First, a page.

Thursday, August 07, 2008

The Churchill Series - Aug. 6, 2008

(One of a series of weekday posts about the life of Winston S. Churchill.)

The last two series posts concerned the abdication crisis in 1936 brought on by King Edward VIII’s determination to marry the twice-divorced American socialite Wallis Simpson.

I've said Churchill "took up the King's cause," but I've avoided saying anything more detailed about Churchill’s role in the crisis because IMO his actions and motives were complex. I don't have sufficient understanding of them to post in any detail concerning them.

What I'll do today and tomorrow is offer a few items I think bear on Churchill's actions and leave it at that.

I'll use a comment a reader made as stimulus to my items with the reader's comment in italics and mine in plain.

Winston Churchill was fanatically loyal to his friends, and to a set of ideas he held about British royalty. His wonderful mind was almost medieval in his fealty to these ideals.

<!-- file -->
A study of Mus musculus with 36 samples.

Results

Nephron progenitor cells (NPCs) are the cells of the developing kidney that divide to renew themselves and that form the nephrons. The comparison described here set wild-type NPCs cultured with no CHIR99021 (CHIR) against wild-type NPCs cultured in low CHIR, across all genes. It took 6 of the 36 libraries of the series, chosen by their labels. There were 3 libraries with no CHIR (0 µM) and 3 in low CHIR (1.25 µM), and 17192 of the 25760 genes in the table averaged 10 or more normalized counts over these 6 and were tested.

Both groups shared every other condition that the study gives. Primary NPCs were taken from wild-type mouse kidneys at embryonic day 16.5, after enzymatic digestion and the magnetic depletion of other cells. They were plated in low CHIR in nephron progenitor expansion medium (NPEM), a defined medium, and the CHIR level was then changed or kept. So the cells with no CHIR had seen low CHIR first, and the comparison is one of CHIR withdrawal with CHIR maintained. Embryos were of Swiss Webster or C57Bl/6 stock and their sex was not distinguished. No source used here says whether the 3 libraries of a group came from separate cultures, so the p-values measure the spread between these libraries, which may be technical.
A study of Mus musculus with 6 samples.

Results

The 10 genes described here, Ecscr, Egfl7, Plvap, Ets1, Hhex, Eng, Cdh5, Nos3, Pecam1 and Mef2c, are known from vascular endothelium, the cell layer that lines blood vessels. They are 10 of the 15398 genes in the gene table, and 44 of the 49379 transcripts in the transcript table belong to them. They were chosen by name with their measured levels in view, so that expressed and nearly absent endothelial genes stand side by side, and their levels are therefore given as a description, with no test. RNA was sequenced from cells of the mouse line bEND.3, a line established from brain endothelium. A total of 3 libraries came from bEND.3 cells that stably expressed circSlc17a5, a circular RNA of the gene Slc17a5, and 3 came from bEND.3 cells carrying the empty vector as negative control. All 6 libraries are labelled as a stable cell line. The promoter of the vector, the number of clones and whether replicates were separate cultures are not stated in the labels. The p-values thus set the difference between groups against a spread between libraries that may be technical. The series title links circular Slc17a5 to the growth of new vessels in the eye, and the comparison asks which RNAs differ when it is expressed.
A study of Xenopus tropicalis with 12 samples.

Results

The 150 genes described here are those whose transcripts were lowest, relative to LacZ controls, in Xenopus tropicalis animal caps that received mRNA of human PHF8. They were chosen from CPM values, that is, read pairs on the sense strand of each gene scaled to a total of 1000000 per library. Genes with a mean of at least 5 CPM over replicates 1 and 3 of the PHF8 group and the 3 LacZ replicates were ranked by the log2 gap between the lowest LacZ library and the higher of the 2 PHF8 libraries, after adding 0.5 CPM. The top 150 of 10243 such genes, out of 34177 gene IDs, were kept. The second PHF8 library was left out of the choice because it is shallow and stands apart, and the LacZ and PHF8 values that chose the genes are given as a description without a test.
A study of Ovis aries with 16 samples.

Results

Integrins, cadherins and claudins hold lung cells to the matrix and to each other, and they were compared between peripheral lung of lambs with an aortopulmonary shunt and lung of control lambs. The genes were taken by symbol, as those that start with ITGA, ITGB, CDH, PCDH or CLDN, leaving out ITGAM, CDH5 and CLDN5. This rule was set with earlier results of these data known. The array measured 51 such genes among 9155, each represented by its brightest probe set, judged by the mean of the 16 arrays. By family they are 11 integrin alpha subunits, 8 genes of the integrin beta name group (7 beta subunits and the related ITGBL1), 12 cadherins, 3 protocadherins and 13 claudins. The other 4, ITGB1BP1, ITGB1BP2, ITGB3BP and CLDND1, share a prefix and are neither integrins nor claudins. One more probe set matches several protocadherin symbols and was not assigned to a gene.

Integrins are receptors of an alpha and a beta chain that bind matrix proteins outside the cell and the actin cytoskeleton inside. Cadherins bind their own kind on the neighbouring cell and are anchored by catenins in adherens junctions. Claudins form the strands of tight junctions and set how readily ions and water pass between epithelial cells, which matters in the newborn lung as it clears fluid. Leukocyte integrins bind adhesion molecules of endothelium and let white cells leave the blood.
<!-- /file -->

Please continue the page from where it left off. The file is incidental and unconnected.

He'd known the King since birth. They were close friends who'd played polo and hunted together. Before Edward became King, Churchill, like the King's family and others of his close friends, called him David when they were together.

As a young officer during WW I David, then Prince of Wales, repeatedly and insistently volunteered to serve in the trenches. The Government denied his requests for fear of the consequences should he be captured.

Despite being denied the chance to serve as a combat officer, David served as a staff officer near the front and frequently visited it at great risk to himself.

Courage was the virtue Churchill most admired in men. And, as the commenter said, "Winston Churchill was fanatically loyal to his friends."

What we've just read provides some of the explanation for why Churchill came very close to wrecking his public career by "taking up the King's cause."

More tomorrow about Churchill and the abdication crisis.